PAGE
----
This was not the first time that I had heard someone express a degree of pride about the lack of arrests. My own wife had commented on it when trying to explain her participation to conservative family and church friends. Following the reporting on the numbers of marchers, perhaps the most frequently cited fact about the marches has been the absence of arrests. Something about this nagged at me.
Part of it had to do with the fact that, less than a year ago, I myself was arrested in an environmental protest against the tar sands refinery in Whiting, Indiana. When people hear about protesters getting arrested, I think they often have the picture of rioters damaging property and mobs attacking police. My experience was very different. I and 40 other people were arrested on that day, but there was no violence and no rioting. Our action was carefully planned, deliberately enacted, and intentionally non-violent.
But it was more than that. I think highlighting the absence of arrests at the Women’s March is problematic for a number of other reasons.
1. Not all arrests are just.
Bragging about the lack of arrests at the Women’s March implies that other marchers who do get arrested must have done something illegal. The assumption behind this is that all police action is just — which is patently false. People who frequently participate in protest actions know that they may be arrested simply for being in the wrong place at the wrong time.
The police may scoop up non-violent protesters along with violent ones, for example. The police may, for their own reasons, arrest non-violent protesters who have legal permits to protest. What’s more, the police arrest protesters of color at higher rates than white protesters. As Zeba Blay has written recently,
“Let’s be real. A large group of mostly white women wearing knit pink hats is simply not going to be policed in the same way a large group of people of color would be.”
Bragging about the lack of arrests at the Women’s March obscures the systematic injustices which are routinely perpetrated on our Black and Brown protesters.
2. The police, not the protesters, cause arrests.
Bragging about the lack of arrests at the Women’s March implies that protesters are the cause of arrests, when in fact, the determining factor in the number of arrests is the presence of police. The simple fact which is often overlooked is that all arrests are initiated by police. Arrests can happen without protesters, but there can be no arrests without police.
At the Women’s March in Washington, D.C., the police presence was relatively light. There were no police barriers, which meant that there were few opportunities for the police to interact with (and hence, arrest) the marchers. A University of California study recently found that police are often provoke violence during protests. Bragging about the lack of arrests at the Women’s March obfuscates the role that police play in causing violence during protests.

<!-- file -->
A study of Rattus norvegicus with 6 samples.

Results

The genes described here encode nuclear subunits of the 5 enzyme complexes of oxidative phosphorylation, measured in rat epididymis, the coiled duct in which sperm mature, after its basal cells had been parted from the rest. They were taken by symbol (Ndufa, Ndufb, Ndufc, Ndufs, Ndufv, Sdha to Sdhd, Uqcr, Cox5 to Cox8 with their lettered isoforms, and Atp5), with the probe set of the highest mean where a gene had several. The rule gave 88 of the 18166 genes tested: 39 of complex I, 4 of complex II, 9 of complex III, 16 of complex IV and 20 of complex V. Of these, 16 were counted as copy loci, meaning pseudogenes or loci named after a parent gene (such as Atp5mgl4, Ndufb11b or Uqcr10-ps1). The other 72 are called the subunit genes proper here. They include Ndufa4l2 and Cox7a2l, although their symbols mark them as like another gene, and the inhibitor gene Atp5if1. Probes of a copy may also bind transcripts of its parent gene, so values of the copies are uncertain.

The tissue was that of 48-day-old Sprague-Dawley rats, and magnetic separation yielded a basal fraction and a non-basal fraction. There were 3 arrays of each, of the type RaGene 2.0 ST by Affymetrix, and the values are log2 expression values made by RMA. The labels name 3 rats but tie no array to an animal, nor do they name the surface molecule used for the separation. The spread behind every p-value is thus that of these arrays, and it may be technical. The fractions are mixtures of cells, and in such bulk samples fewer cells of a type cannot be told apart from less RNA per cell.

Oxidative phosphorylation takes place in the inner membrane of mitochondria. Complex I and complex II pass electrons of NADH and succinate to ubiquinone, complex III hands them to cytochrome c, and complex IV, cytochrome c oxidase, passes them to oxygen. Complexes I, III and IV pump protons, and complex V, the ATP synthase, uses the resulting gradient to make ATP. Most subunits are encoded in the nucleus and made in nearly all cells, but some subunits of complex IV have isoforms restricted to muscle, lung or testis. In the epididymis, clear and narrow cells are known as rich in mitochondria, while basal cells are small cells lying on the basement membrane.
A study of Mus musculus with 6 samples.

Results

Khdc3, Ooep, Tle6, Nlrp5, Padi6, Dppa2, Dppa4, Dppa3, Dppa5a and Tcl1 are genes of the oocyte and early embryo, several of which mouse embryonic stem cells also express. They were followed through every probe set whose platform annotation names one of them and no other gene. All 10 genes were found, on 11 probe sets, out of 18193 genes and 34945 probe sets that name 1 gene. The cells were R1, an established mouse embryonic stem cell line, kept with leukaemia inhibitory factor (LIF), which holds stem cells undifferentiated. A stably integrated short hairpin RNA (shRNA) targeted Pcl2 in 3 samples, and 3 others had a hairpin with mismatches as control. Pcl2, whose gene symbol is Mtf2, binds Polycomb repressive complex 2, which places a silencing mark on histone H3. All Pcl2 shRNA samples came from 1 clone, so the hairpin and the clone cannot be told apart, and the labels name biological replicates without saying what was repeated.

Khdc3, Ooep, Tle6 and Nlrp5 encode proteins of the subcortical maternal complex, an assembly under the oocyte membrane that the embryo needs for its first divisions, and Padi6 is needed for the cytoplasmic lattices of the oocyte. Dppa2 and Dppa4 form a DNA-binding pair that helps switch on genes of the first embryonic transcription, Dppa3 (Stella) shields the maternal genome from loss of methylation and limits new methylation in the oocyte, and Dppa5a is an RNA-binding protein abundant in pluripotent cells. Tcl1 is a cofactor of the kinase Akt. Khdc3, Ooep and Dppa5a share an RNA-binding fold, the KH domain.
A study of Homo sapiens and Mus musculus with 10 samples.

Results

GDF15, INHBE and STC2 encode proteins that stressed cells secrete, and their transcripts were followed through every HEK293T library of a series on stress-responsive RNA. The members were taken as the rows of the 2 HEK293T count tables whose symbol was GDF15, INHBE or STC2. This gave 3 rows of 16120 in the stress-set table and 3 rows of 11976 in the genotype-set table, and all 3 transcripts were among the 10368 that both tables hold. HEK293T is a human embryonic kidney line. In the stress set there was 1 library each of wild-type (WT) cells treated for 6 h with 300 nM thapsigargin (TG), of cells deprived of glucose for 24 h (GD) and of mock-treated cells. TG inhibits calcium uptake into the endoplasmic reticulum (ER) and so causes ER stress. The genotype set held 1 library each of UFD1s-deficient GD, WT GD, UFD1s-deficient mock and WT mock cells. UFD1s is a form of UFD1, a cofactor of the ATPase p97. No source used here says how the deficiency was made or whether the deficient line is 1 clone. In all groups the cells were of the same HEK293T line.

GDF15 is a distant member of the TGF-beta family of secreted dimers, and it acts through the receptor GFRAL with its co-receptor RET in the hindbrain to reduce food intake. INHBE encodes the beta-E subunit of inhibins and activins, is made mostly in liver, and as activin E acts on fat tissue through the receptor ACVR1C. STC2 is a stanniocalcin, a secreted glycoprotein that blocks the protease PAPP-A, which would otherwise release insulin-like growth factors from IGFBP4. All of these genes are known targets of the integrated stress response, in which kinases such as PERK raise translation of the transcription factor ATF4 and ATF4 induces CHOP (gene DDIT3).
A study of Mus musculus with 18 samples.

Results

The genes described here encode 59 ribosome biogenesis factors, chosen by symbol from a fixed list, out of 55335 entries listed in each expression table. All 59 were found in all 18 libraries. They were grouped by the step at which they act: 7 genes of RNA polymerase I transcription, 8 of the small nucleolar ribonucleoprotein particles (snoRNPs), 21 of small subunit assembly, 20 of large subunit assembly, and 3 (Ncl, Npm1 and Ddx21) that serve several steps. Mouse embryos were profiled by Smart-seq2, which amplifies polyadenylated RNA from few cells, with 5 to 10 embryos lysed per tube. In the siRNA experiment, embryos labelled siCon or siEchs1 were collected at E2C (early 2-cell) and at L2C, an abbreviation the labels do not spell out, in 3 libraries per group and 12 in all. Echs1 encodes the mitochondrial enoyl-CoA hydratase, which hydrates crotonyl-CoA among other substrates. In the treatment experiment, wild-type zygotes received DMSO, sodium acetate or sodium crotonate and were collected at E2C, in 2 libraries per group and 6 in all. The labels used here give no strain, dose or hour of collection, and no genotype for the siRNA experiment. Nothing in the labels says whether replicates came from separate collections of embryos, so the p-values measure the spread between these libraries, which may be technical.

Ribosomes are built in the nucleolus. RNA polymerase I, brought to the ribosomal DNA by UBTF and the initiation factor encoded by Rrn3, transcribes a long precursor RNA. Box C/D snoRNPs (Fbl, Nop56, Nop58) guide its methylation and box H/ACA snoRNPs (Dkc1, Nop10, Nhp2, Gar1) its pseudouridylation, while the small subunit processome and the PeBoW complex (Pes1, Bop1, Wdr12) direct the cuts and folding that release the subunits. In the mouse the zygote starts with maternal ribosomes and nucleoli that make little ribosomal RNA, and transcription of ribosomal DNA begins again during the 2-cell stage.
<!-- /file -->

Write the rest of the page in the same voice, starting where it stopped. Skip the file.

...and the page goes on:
3. Well behaved women seldom make history.
Bragging about the lack of arrests at the Women’s March perpetuates the mythos of the well-behaved woman. It perpetuates the myth that, if women follow the rules, which are made and enforced by men, that men will look after women’s best interests. This ultimately disempowers women.
As Jess Zimmerman explained recently in an article at the New Republic, entitled “The Myth of the Well-Behaved Women’s March”:
“The high-fives of cops at the Women’s March and the blows raining down on BLM are the front and back of the same hand. If you think their uncharacteristic gentleness is a testament to your good behavior, think again. It comes from the same root as their violence: from the conviction that you are a delicate, breakable, and unthreatening thing.”
Valorizing the lack of arrests at the Women’s March is just another way of keeping women in their place.
4. There are good reasons to get arrested.
Bragging about the lack of arrests at the Women’s March ignores the importance of civil disobedience (moral law-breaking) in achieving just change. The fact is that every successful campaign for positive social change in the past century, from women’s suffrage to the labor’s fight for workplace safety and fair compensation to the civil rights movement, has used civil disobedience.
Sometimes arrests are just what is needed to draw attention to an injustice and to create the social tension which gives rise to change. As Dr. Martin Luther King, Jr. explained, as he sat in the Birmingham jail after being arrested:
“Nonviolent direct action seeks to create such a crisis and foster such a tension that a community which has constantly refused to negotiate is forced to confront the issue. It seeks so to dramatize the issue that it can no longer be ignored. … I have earnestly opposed violent tension, but there is a type of constructive, nonviolent tension which is necessary for growth.”
As rapper Mykele Deville wrote recently in regard to the Chicago Women’s March, we must not confuse docility with respectability. Bragging about the lack of arrests conflates passivity with virtue.
There are a lot of things to brag about when talking about the Women’s March, but the lack of arrests is not one of them. This is not to say that arrests are necessarily cause for bragging right, either. When you hear that people were arrested at a protest, some questions to ask might be: What was being protested? Were the arrests planned? Was the protest violent? What did police presence look like? What race, ethnicity, and sexual orientation were the protesters?